Understanding sore shins

Understanding sore shins
2 April 2020 | Kirsty McCann

Sore shins, also referred to as bucked shins in some countries, is a condition which commonly occurs in horses in their two year old year of training. Whilst it can occur in older horses, it is far more prominent in the early training period in a racehorse’s life. It is described as an inflammation of the periosteum covering the front of the cannon bone caused by micro-fractures to the cannon bone.

Those who are expected to race as a two year old  are broken in at the back end of their yearling year and are lightly ridden off, once they return to pre train for their two year old campaign they may look mature but skeletally they are still growing and their bones are not that of an older horse. Sore shins occurs due to the load bearing on the forelimbs, while it is possible to have shore shins behind, it is far less likely. This excessive compression causes tiny cracks in the cannon bone, the bone responds by laying down new layers of bone where it is most stressed (periosteal new bone formation). As a result the periosteum, the fibrous membrane of connective tissue which covers bone, becomes inflamed and painful. When this occurs it is vital to adapt the training plan to allow time for the remodelling and strengthening of the bone. To continue to train as previously will result in further reaction and formation of more layers, further inflammation and pain. Prolonged galloping in this state can lead to a catastrophic fracture of the cannon bone. Many people would blame a surface on a gallop solely for a horse developing sore shins and while it is a factor a two year old galloping on the best of surfaces can also develop a problem.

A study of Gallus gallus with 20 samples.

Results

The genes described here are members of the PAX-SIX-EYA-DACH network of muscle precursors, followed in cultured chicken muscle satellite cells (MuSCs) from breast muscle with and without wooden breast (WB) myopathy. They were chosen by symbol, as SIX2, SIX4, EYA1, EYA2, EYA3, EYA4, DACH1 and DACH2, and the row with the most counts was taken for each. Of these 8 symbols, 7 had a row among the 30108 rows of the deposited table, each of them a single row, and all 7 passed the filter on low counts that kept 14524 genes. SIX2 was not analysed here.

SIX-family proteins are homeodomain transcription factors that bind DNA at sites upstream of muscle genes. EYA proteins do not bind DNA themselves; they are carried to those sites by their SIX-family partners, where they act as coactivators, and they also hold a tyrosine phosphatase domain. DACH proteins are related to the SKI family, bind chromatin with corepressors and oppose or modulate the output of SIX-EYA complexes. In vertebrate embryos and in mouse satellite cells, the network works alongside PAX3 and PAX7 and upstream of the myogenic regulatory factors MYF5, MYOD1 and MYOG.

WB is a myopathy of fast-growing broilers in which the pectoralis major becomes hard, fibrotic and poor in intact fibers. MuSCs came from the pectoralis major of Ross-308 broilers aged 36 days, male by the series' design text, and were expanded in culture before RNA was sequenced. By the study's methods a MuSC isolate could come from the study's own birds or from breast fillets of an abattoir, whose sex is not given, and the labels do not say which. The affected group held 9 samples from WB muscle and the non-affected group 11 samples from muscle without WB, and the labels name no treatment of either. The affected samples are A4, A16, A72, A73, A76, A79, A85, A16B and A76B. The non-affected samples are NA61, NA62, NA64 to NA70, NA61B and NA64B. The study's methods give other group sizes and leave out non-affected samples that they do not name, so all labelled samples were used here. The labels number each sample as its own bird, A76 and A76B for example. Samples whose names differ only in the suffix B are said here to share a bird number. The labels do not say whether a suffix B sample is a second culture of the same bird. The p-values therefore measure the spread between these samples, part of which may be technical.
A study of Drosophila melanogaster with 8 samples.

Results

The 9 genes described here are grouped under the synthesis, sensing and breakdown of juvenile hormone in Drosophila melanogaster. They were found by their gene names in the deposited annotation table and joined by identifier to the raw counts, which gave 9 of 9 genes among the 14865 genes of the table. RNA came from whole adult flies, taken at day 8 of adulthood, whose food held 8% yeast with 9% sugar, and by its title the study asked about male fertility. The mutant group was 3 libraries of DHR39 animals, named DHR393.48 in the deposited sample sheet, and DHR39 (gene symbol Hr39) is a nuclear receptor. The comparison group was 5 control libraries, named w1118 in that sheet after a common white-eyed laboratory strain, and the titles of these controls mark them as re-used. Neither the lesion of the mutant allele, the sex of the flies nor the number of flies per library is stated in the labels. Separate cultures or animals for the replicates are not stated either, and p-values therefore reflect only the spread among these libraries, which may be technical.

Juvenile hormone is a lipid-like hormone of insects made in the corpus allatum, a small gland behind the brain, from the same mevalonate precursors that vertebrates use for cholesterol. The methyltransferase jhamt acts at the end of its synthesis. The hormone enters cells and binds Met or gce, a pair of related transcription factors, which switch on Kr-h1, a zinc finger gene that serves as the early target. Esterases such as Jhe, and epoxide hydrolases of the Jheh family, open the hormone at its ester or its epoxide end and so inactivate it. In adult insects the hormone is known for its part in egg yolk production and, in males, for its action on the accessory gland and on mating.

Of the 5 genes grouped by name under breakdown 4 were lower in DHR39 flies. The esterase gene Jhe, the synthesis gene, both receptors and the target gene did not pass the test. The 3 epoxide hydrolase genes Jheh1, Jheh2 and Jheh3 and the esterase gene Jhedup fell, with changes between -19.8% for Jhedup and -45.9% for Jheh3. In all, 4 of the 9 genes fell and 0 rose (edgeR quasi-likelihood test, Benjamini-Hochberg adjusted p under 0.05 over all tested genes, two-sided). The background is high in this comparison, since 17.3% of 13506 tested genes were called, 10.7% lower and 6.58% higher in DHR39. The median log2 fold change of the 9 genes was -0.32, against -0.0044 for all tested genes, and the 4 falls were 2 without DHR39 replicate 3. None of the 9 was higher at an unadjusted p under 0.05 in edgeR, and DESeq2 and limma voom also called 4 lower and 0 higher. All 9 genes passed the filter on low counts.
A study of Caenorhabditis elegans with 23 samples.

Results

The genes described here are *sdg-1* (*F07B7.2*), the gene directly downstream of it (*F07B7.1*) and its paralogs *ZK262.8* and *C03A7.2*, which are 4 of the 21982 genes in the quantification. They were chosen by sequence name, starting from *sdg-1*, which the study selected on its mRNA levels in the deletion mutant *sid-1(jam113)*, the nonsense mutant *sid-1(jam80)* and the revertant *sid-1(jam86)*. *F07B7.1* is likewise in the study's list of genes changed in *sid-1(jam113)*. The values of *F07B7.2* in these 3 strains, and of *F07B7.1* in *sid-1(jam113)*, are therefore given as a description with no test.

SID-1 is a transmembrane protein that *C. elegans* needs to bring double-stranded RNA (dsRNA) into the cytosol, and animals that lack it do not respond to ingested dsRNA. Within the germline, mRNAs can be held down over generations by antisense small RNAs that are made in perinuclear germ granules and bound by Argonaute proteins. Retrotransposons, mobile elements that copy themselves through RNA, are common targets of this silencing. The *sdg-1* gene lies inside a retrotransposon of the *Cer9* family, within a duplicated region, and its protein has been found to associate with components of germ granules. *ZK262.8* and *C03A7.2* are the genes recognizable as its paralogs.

Early detection is key, palpation of the legs daily will reveal a problem early, they will be hot to touch and sore on palpation. Topical treatments and cold therapy can be beneficial at these times, I recommend cold hosing multiple times throughout the day, Ice Clay and Arnica and Aloe Vera gel depending on the individual. Backing off with workload is vital, continuing to work one with sore shins can result in more serious injury. Swimming is beneficial as it is non load bearing exercise. The use of a Spa is advised also. Sometimes just standing in a river with fresh flowing cold water or the sea is used as a management method. Some trainers will use exercise bandaging during work to help support the forelimb but this has limited success. The developing young horse requires a training programme of conditioning as well as fitness, new evidence suggests that short fast work is advised as opposed to slow steady work continually and then longer pieces of work at high speed.

When looking at nutritional support for young horse in training the inclusion of Osteo-Glycan in the diet can be extremely beneficial.

Osteo-Glycan 

  • The majority of bone calcium, bone density and cartilage are laid down in the first two years of a horse’s life; Osteo-Glycan supplementation provides a balanced nutritional supply to support this growth. Young horses entering training undertake tough physical demands. Osteo-Glycan provides excellent support to bones and joints at this susceptible time.
  • Containing Di-Calcium Phosphate, Marine Collagen-a source of CalciumChondroitin Sulphate and Hyaluronic Acid. Also containing Copper and Zinc at adequate levels for correct bone development, Vitamin A which is essential for bone and maturation and Vitamin D an important regulator of calcium metabolism. The use of Osteo-Glycan would be advised as a nutritional support to encourage good quality bone formation, to advise after an episode of sore shins should be done with caution as a support and not as something to fix the issue as such.